York & North Yorkshire

Murder of Melsonby postmistress Diana Garbutt

Diana and Robin Garbutt
Image caption Diana Garbutt had told her husband about an "intimate encounter", the jury was told

For nearly seven years, Melsonby post office and shop - and the couple who ran it - were central to the village.

Robin and Diana Garbutt had moved to the quiet community from York in 2003 to take over the business.

Mrs Garbutt trained as a postmistress but it was her husband who ran the branch, working long hours and building close relationships with customers.

But tragedy struck in March 2010 when Diana Garbutt was killed in the upstairs living area of the premises.

In a 999 call, Robin Garbutt said his wife had been attacked and begged for assistance and advice about what to do.

When ambulance crews arrived they found Mrs Garbutt lying dead in her bed having suffered three blows to her head.

Her 45-year-old husband told police Mrs Garbutt had been killed by an armed robber.

Media spotlight

He said the robber forced him to open the safe some time after 0830 GMT and then he went upstairs and found his wife had been attacked.

The village was catapulted into the media spotlight as police started a hunt for her killer.

Underwater search teams scoured the area and villagers' bin collections were suspended as evidence was sought.

Speaking at the time, Det Supt Lewis Raw, senior investigating officer, said: "The tragic death of Diana Garbutt has had a significant impact on people living in Melsonby and Richmondshire as a whole.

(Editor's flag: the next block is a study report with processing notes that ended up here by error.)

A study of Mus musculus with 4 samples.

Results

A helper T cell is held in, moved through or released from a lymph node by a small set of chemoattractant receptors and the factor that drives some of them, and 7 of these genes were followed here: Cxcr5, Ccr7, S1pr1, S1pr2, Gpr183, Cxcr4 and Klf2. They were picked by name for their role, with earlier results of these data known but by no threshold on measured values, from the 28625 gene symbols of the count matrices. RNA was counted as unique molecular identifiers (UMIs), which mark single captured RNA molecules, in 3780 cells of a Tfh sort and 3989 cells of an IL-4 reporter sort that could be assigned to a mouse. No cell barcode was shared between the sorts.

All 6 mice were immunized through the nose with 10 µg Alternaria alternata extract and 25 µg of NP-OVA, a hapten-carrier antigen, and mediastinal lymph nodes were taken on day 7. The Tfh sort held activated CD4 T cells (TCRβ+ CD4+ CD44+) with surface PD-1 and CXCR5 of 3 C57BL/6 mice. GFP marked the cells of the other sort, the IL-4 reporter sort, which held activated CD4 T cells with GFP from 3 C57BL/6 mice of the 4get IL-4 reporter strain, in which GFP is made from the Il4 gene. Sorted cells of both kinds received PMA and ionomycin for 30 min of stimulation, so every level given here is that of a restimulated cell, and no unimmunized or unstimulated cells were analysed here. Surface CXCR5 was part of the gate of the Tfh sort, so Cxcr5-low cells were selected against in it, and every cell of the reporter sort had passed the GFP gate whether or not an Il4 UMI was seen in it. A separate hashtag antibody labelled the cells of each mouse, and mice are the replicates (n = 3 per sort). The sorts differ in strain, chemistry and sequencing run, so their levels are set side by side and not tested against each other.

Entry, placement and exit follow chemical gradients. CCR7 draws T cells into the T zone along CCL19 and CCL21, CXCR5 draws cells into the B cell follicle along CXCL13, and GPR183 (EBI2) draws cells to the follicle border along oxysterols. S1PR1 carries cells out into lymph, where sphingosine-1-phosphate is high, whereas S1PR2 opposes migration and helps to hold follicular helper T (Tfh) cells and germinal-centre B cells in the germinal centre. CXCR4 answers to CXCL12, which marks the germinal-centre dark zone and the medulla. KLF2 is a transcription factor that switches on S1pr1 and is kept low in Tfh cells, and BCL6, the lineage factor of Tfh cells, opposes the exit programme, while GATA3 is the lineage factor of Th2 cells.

"It has also captured the concern and sympathy of the wider community due to the high level of media coverage of this case."

At a news conference Mrs Garbutt's mother, Agnes Gaylor, appealed for help, stating that the killer had destroyed her life as well as her daughter's.

She described Mrs Garbutt as an "amazing girl" with a "wicked sense of humour", adding: "She was content, she loved her life. She didn't deserve to be taken like this."

Three weeks later, on 14 April, the police investigation took a turn closer to home with the arrest of Garbutt. Two days later he was charged with murder.

Flaws were found in Garbutt's version of events.

Could everything that he described really have taken place in the space of two minutes, from 0835 GMT when the safe was opened to 0837 GMT, when he made his 999 call?

Couple in debt

No-one in the village reported seeing anything suspicious take place on the morning of the alleged armed robbery.

The pathologist also found Mrs Garbutt must have died much earlier than her husband had claimed.

The police investigation found that far from being a happily-married, financially-secure couple, the Garbutts were in a mess.

They were deeply in debt and probably living off post office money.

During the trial, Teesside Crown Court was told Mrs Garbutt had been unfaithful and up until the night she died she had been logging on to an internet dating site.

It was this pressure, tension and ill feeling, said the prosecution, that caused Garbutt to erupt in extreme violence and kill his wife, hitting her over the head with a metal rod.

A jury accepted this version of events and found Garbutt guilty of murder.

Now the future of the post office remains uncertain and the murder of Mrs Garbutt not forgotten by villagers.

Melsonby resident Neil Jones said: "A lot of villagers have been upset by it... I knew Robin and it's a difficult one because it's something that's just so alien.

"You don't expect anything like that happening on your doorstep."